From: Greg Chamberlain <GregChamberlain@compuserve.com>

                                U.S. support seen vital for troubled Haiti

    By Frances Kerry

     MIAMI, Dec 18 (Reuters) - As the United States pledges not to abandon
Afghanistan after its military mission ends, some experts on Haiti say
Washington should focus in the same way on the impoverished Caribbean
nation and follow up its military intervention seven years ago with a
degree of nation-building.
     For some observers of Haiti's long-running agony, an attack by gunmen
on the National Palace on Monday, was just "more of the same" troubled
politics, and an illustration that the United States should not have baled
out so quickly.
     "Haiti needs a long-term program of nation-building, with foreign
security provided," said Haiti expert James Morrell, research director at a
Washington think-tank called the Center for International Policy. "Clinton
started the right thing but shouldn't have left ... once you intervene you
have to stay and do the job well," he said.
     In 1994, then President Bill Clinton dispatched some 20,000 troops to
Haiti to restore Jean-Bertrand Aristide to the presidency in the poorest
country in the Americas. The mission was rapidly wound down.
     In an editorial on Monday, the Washington Post said Haiti illustrated
why the United States should not walk away from "troubled states,
especially those it intervenes in."
     "The troops are gone now, and Haiti is in some ways worse off than
ever. Its political system has been gridlocked and dysfunctional for years,
its 8 million people grow ever more impoverished ..." the Post said, urging
Washington not to deny the country much needed aid because of the "feud
between Aristide and his opponents."
     Aristide, a former Roman Catholic priest and left-leaning populist
viewed with optimism as a break with Haiti's bloody political past, had
taken office in 1991 after winning free elections, only to be ousted in a
coup seven months later.
     Aristide handed over power to his elected successor Rene Preval in
1996, retaining a strong behind-the-scenes influence on the ruling Lavalas
Family, and again assumed the presidency in February after winning
presidential elections a year ago.
     Haiti's progress since the U.S. intervention has been uninspiring.
     Anthony Bryan, a Haiti expert at the University of Miami, said the
country's woes showed in large part that "you can't "change political
culture overnight."
     "There has got to be very long-term reform in Haiti. There has got to
be an autonomous legislature, an independent judiciary .. a police force
that works with population to restore order, an open economy," he said.
     Aristide's second term has been marked by a bitter dispute with the
main opposition alliance over parliamentary elections in May 2000 that
Lavalas probably would have won but not by the sweeping majority it said it
     Foreign aid worth hundreds of millions of dollars has been held up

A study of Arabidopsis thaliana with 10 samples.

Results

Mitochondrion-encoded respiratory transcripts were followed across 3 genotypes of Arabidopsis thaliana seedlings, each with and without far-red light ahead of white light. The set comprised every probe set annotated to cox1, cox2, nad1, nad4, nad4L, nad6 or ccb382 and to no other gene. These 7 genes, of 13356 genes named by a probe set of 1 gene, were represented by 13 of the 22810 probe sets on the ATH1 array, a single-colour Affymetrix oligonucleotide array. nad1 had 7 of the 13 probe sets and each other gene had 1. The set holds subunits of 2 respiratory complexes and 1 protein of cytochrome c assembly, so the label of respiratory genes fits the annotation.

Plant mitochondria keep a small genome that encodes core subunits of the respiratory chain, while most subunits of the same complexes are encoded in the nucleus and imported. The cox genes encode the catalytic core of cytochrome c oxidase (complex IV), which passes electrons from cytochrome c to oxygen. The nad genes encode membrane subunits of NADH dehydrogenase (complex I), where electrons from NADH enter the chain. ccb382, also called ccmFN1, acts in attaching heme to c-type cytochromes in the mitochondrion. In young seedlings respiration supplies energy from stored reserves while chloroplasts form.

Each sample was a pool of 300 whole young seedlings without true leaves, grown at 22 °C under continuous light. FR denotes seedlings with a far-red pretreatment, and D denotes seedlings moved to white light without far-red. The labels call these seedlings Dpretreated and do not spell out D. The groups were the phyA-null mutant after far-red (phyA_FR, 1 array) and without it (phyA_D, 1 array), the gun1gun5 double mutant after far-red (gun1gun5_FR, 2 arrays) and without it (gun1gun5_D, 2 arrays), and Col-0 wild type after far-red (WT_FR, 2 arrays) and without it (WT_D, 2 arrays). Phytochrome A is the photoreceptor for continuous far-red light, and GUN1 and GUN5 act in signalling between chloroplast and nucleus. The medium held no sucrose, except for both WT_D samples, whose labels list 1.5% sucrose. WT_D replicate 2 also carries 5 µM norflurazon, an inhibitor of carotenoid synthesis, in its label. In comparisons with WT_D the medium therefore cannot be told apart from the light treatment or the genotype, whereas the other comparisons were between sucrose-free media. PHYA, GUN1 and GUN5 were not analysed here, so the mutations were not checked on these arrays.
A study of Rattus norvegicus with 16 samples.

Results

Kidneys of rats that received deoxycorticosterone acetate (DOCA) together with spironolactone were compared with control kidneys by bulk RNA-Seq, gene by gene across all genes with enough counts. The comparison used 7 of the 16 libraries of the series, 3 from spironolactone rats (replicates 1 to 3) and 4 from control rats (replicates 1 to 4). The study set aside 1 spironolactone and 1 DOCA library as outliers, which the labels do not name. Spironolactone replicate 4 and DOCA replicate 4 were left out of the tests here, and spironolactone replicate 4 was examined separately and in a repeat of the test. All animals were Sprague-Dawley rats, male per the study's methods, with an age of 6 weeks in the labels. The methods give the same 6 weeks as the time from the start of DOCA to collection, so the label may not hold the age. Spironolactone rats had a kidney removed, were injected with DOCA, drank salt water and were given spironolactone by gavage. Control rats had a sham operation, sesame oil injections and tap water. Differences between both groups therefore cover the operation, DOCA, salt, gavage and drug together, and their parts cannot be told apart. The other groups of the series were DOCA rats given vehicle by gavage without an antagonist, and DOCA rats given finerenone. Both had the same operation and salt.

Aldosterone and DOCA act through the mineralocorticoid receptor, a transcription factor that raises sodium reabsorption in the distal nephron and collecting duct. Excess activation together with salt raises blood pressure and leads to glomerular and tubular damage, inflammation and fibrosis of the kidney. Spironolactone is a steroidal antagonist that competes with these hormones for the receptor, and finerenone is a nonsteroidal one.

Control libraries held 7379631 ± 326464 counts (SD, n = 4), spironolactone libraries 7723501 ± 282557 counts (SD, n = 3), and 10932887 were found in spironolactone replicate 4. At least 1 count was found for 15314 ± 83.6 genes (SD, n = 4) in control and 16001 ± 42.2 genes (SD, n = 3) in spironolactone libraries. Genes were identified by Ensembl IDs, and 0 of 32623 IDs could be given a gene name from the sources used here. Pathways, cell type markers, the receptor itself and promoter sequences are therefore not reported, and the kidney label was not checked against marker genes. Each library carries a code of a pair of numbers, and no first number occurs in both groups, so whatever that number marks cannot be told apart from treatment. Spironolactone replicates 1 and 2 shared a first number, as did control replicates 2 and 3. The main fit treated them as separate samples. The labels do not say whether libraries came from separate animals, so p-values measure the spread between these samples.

pending a resolution to the dispute, and this to a country battling
problems ranging from illiteracy to AIDS. The Organization of American
States has repeatedly sought to persuade Aristide and his political
opponents to reach a deal.
     Aristide and his party have been criticized by human rights and press
freedom groups for being heavy handed with their critics. There have been
periodic incidents of violence such as Monday's in which a group of some 30
gunmen attacked the National Palace, their assault fizzling when they were
killed, or captured by police, or fled.
     "Haiti's in the same desperate position as it was in 1994, with
President Aristide unable or unwilling to do what the donors want him to do
in order to get serious outside funding," said Robert Rotberg, director of
a program on Intrastate Conflict and Conflict Resolution at Harvard
University's Kennedy School of Government.
     "So Haiti remains in a state of squalor thanks largely to Aristide's
insistence on personal control," said Rotberg. "Aristide turns out to be no
different in his small mindedness than his predecessors.
     Morrell said that the government had "delegitimized itself," because
of the "fraud in the counting of votes in 2000 and then violence against
the opposition."
     "How did they squander the considerable degree of legitimacy they
had?" he asked. "How did they snatch defeat from the jaws of victory?"
     But, said Morrell, "the international community needs to get in there
and we need to pick up where we left in '94, when we left the job
completely unfinished."
     He and other advocates of a big program to help Haiti out with a more
hands-on policy are aware that such thinking is hardly attractive either to
the right-wing in the United States, because it smacks of straying far from
national interests, or on the left, where it looks like interference.
     But Morrell said Haiti might benefit from the lesson of Afghanistan --
which President George W. Bush has promised not to abandon once
Washington's military mission is complete, pledges that have been taken in
some quarters to mean a relaxation in his previously strong views against
     For the moment, some question whether Haiti is helped by the
withholding of hundreds of  millions of dollars in aid from international
donors such as the Inter-American Development Bank, a case where Washington
holds the purse strings.
     The Council on Hemispheric Affairs, a U.S. research group, said Haiti
was "hanging from a rope" and urged the Bush administration to move away
from a White House orientation that it said was "bent on tarnishing
Aristide" and to lower the bar for Haiti to get international aid.